The impact of a social movement is notoriously difficult to measure. How do you quantify the influence of large, unruly networks of people unaffiliated with an official organization or obvious policy goals?
One way to do it is to look for evidence of the movement's influence on the national conversation. With the rise of Occupy Wall Street in 2011, the media's use of the term "income inequality" quintupled, and the theme subsequently evolved into the centerpiece of progressive economic policy discourse.
Increasingly, we have signs that Black Lives Matter, the 2-year-old movement responding to the death of unarmed black people at the hands of police, has transformed the national conversation on racial inequality. According to a new Gallup poll flagged by Vox, the percentage of people who describe themselves as "satisfied with the way blacks are treated in U.S. society" has plummeted to a low not seen in at least a decade and a half.
Between 2008 and 2013, satisfaction with society's treatment of black Americans increased among whites, blacks and Hispanics. But between 2013 and 2015, those numbers fell dramatically, with the national rate dropping from 62% to 49%. For whites, the number decreased from 67% to 53%, for Hispanics from 61% to 44%, and for blacks from 47% to 33%.
Gallup reports that this slump in satisfaction is specific to African-Americans and "not part of a broader reassessment of how minority groups are treated in the U.S."
But how do we know it's Black Lives Matter? Can the movement can take credit for this rise in the public's awareness of discriminatory police violence, or has an uptick in killings caused a major shift in mainstream attitudes?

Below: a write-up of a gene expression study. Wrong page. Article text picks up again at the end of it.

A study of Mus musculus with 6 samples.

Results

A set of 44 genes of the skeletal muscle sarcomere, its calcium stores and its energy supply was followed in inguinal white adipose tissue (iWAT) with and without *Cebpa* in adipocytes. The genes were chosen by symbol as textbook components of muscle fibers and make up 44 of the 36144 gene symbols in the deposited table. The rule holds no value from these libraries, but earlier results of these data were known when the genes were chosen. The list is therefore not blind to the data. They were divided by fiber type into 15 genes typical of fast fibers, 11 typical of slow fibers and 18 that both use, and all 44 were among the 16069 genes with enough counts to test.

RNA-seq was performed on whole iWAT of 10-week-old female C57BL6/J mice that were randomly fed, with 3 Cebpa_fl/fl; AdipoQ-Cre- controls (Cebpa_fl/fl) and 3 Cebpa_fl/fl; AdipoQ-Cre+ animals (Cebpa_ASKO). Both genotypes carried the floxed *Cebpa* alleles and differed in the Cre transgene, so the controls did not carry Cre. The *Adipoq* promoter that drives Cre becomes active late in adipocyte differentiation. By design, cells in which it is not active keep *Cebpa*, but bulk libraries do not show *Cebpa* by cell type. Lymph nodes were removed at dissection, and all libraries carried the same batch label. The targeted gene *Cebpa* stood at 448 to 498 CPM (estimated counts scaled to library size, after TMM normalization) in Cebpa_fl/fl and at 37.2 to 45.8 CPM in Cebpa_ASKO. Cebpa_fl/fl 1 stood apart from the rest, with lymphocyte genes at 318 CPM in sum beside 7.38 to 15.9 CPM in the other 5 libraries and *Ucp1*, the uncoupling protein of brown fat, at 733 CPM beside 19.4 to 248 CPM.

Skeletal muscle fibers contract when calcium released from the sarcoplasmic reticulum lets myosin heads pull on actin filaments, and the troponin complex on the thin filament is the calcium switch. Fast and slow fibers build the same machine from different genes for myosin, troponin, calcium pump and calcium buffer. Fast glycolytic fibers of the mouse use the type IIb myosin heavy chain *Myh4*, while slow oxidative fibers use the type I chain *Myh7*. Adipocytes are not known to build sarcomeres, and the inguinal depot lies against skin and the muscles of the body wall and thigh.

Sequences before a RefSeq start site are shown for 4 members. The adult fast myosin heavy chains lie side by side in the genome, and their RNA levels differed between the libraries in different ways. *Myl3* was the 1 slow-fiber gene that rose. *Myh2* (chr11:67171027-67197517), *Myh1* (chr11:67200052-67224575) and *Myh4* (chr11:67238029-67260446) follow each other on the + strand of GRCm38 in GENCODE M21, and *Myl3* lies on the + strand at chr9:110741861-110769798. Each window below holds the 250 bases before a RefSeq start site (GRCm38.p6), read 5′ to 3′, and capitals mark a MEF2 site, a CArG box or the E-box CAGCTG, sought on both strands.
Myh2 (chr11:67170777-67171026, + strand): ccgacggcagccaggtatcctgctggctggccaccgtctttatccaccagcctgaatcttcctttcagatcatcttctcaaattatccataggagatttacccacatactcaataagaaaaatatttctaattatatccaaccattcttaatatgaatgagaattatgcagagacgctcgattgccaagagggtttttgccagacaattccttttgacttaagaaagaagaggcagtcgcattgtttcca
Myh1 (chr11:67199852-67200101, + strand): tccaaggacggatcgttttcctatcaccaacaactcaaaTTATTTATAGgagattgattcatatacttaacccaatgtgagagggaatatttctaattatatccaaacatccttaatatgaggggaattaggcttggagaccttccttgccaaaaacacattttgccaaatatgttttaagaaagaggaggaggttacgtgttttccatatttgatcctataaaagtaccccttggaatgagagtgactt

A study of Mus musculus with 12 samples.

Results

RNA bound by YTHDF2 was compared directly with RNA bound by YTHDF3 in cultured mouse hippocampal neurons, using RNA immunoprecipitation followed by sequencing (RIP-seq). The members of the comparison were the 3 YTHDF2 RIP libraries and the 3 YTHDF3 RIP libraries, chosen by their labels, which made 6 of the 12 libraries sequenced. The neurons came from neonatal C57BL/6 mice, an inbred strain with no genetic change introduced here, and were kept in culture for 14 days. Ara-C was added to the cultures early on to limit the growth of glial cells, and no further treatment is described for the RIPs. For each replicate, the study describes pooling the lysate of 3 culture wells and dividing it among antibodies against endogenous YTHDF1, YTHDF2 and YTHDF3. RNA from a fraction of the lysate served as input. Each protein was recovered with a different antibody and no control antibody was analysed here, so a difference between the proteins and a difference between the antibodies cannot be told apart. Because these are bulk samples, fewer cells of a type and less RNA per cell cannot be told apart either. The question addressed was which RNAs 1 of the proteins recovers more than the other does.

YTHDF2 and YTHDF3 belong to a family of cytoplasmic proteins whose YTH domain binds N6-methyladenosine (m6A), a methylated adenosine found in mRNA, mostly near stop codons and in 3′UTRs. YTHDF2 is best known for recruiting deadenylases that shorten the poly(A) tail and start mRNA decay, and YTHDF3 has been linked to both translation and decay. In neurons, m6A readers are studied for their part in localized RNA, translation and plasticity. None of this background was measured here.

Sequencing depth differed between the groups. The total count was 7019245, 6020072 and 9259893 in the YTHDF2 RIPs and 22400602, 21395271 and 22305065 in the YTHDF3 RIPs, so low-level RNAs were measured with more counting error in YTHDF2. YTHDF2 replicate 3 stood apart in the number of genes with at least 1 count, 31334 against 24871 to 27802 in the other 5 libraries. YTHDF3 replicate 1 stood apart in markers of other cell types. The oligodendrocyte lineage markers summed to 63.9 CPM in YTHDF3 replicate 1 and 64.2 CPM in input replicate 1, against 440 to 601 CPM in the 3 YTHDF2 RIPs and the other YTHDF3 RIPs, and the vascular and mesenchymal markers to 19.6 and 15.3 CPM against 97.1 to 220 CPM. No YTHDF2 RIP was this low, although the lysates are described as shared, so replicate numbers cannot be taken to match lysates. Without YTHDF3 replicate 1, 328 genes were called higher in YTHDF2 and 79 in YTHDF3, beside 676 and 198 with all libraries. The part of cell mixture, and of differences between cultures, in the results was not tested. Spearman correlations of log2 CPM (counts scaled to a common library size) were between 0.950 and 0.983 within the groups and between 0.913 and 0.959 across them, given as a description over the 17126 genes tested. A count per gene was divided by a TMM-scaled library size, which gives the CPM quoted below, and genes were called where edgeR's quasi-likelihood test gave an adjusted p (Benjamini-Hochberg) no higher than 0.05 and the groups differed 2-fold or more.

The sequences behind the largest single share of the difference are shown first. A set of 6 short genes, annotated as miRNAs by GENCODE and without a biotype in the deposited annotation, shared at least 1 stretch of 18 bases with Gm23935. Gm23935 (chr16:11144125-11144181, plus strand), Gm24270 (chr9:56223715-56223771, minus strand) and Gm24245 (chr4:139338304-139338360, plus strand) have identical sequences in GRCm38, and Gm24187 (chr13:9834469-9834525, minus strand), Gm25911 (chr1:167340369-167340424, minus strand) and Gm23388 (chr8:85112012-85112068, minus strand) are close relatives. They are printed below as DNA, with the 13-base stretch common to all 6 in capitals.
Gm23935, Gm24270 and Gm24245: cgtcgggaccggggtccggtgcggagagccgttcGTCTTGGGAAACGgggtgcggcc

That's a difficult question to answer, mainly because use of force by police is extremely poorly documented. There is no national database that systematically chronicles reports of police violence against citizens, let alone one that detects patterns in violence associated with race. But the limited data that does exist suggests that there has not been an exceptional increase in police homicides, and some criminologists say that they are at the lowest they've been in recent memory. Media and advocacy outfits that have been covering clashes between black Americans and law enforcement for generations have suggested that there hasn't been a notable increase in the phenomenon of police shootings in the past two years. And the aforementioned Gallup analysis finds that blacks are "no more likely than two years ago to report being personally treated unfairly in various situations because of their race, including dealing with the police."
Thus, it's likely that shifts in the national perception of race relations has been shaped by the salience of the Black Lives Matter movement, fueled by the proliferation of cell phone videos and social media. Constant protests, die-ins, community gatherings, online organizing, occasional riots and real-life confrontation with politicians have had a very real impact on the country's understanding of race.
A YouGov poll released earlier this year showed that over a period of about four months, the percentage of white Americans likely to characterize the death of a black man at the hands of the police as an "isolated incident" plunged by 20 percentage points.
The speed with which white perception of police homicides changed seems unlikely to be attributable to an uptick in deaths, which have been a constant feature of black life for years. It's much more likely to be the product of the sustained debate about systemic racism in policing and criminal justice that was forced into the national consciousness by the raucous Black Lives Matter movement, which garnered enormous media attention during those months.
The sum effect all this is that Americans are now reporting that they're more concerned about racism than they have been in more than 20 years. The last time it ranked so high in the polls was in 1992, when the beating of Rodney King by police officers sparked a national debate over the state of American race relations.